Travel to the Massive Penguin Colonies of Antarctica

Antarctica Emperor Penguins

An Antarctic cruise and luxury safari is the opportunity of a lifetime to explore one of the world’s last unspoiled frontiers. There is a broad range of amazing wildlife in this frigid environment. Throughout the journey, the panoramic views will reveal various species thriving in their native habitat. One of the most sought after animals of Antarctica is the penguin. Of the world’s 17 penguin species, six have adapted to the continent’s frigid ecosystem.


Emperor Penguin

The largest penguin, the Emperor, stands almost 4 feet tall. Although these colorful birds comprise the smallest segment of the overall penguin population, breeding colonies can number in excess of 100,000. As winter approaches, Emperors move inland to breed in traditional locations. Previous mates locate each other through bugle-like calls. Upon discovering each other, they bow and display the unique orange patches on the side of their heads. Although their breeding process is one of the most arduous for all penguins, over 75 percent of couples successfully raise offspring.


Adélie Penguins

Named after the wife of English adventurer Dumont d’Urville, Adélie penguins are small birds that weigh approximately 10 pounds and stand slightly more than 2 feet tall. During the summer months, they congregate in rookeries than can encompass up to hundreds of thousands of birds. As winter approaches, they travel closer to the edge of the ice shelf where the temperatures are warmer. Males attempt to reclaim former nesting spots and present pebbles as gifts to their mate. Adélies can lose up to 45 percent of their body weight during the entire breeding process. Once the chicks are able to go to sea and feed, the breeding colony is abandoned.

Rockhoppers Penguins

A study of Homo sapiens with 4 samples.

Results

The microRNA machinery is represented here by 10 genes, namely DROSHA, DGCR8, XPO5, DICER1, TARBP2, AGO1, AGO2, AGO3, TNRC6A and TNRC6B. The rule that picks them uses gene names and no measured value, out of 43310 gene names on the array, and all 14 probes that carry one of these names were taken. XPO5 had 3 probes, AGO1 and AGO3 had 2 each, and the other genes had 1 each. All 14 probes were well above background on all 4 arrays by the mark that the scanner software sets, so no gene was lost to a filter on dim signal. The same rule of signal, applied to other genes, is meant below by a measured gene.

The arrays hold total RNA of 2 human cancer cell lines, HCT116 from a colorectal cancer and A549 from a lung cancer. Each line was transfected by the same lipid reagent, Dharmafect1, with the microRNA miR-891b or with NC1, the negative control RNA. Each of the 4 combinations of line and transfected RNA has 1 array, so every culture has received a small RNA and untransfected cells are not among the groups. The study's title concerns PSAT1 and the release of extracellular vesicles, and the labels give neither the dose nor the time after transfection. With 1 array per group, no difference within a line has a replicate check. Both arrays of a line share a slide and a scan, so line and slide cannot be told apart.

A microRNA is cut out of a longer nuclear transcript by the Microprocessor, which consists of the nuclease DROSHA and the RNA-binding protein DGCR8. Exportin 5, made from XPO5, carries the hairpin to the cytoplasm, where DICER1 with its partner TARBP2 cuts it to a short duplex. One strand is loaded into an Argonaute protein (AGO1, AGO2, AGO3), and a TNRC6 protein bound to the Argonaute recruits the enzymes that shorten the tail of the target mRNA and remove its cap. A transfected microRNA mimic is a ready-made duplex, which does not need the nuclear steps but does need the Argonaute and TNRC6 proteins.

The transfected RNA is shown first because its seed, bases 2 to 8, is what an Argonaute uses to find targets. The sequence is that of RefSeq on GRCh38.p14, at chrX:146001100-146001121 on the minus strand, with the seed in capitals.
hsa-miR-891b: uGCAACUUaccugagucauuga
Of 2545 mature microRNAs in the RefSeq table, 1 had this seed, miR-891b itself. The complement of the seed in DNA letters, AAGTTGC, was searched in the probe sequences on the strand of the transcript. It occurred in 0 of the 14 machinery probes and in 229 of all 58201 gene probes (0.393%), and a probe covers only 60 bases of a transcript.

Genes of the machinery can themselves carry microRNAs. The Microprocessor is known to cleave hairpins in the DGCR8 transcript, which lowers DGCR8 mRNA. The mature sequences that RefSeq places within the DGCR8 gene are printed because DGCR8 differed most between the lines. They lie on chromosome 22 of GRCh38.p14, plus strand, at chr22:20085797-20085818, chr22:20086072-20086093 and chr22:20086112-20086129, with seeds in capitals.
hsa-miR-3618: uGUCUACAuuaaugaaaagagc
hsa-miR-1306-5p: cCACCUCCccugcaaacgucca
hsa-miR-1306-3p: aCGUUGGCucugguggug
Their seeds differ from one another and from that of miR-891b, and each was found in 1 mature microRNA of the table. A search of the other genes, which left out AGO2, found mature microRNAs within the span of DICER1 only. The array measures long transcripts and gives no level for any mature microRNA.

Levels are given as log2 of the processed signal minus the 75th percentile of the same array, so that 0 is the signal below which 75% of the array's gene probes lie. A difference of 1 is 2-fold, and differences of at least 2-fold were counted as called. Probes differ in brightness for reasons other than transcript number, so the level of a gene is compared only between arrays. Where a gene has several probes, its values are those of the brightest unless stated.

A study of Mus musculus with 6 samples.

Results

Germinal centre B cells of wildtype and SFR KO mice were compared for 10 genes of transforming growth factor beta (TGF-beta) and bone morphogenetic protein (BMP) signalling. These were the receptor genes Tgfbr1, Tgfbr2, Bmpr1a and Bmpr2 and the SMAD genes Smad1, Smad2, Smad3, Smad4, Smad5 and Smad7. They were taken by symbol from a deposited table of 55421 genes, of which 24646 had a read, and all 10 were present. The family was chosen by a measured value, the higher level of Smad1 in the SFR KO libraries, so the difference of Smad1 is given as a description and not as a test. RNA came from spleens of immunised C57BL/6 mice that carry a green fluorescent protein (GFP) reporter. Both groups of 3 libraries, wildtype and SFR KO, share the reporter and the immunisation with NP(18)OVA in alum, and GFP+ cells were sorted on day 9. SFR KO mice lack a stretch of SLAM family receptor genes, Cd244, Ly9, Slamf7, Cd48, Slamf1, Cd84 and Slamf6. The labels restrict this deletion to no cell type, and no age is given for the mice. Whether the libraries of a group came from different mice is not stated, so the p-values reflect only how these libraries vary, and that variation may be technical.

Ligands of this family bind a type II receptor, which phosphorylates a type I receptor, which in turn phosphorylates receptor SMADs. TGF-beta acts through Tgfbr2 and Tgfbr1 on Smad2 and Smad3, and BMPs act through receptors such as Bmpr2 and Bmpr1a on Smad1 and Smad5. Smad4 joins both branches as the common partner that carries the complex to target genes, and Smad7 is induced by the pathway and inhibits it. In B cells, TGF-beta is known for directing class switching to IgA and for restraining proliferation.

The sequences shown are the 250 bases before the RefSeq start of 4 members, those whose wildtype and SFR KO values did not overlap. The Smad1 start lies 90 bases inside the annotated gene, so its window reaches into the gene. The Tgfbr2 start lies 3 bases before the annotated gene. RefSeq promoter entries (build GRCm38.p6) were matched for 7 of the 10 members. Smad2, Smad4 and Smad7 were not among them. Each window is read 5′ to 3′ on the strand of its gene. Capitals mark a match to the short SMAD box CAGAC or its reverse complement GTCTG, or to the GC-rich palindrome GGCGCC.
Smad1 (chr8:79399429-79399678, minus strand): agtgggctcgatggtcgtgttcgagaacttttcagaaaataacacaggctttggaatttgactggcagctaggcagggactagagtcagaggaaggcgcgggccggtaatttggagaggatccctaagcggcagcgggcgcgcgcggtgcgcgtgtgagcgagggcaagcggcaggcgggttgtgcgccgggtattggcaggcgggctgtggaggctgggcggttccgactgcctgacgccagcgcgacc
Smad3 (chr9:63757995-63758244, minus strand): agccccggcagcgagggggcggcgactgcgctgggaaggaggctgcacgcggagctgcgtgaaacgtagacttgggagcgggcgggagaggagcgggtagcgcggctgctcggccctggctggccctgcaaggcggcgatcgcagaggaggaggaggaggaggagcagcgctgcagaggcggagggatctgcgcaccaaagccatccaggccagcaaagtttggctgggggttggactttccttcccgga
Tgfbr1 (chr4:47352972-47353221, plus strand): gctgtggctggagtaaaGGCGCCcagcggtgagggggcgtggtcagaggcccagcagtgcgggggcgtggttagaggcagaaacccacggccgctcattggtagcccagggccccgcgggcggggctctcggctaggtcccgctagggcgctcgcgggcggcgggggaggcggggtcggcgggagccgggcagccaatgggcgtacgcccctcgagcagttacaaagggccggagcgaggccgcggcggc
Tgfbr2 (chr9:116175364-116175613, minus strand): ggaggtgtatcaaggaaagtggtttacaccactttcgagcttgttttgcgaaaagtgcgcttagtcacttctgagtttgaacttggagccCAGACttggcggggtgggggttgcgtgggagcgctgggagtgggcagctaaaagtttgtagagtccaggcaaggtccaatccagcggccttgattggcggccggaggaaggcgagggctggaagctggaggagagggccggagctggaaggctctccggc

Rockhoppers are the smallest of Antarctica’s penguin species standing slightly more than 20 inches tall. Featuring a spiky black and yellow-feathered crest on the top of their heads, they roost among the rocky slopes of the islands bordering the Antarctic Convergence. Their breeding colonies, which congregate in the same location each year, can number in the hundreds of thousands. Although they comprise the largest segment of penguins, their population is declining rapidly due to overfishing, which reduces their food supply. As a result, Rockhopper penguins are listed as a vulnerable species.

Chinstrap Penguins

Named for the line that runs beneath their face from ear to ear, Chinstrap penguins are similar in size to Adélies. They prefer the relatively warmer waters near the islands off the coast of the Antarctic Peninsula. Located on the side of a dormant volcano known as Deception Island, the Bailey’s Head colony contains nearly one million birds. Fights erupt as the male and female birds challenge their competition for mates and nesting spots in rocky terrain that is free from ice and snow.

Gentoo Penguins

Early explorers named these birds for their feathers that resemble a turban. The world’s third largest penguins, these birds have pale markings behind the eyes as well as red-orange beaks and peach-colored feet. Their colonies are situated along the Antarctic Peninsula. Preferring inland nesting sites, the colony travels to the sea by following the same common path, which makes it easier to reach the feeding grounds. Should the first brood be unsuccessful, Gentoos may lay another set of eggs if it is early enough in the season. Their major populations are found on South Georgia as well as the Falkland and Kerguelen Islands.

Macaroni Penguins

One of six crested penguin species, Macaroni penguins were named for their ornate yellow plumage that is situated above each of their eyes. This moniker is a derivative of the term Macaroni Dandies, which was used to describe flamboyant dressers in the late 18th century. They also have red eyes and an orange-brown bill. Similar in size to Adélies and Chinstraps, they prefer the islands around Antarctica and rarely venture onto the continent. Their largest colonies are found on Heard and South Georgia Islands.  The International Union for the Conservation of Nature considers these penguins vulnerable.

During the Antarctic travel season, a variety of land- and ship-based excursions provide wonderful opportunities to witness these marvelous creatures up close. Contact Epic Road to book your adventure and meet these resilient and quirky little birds.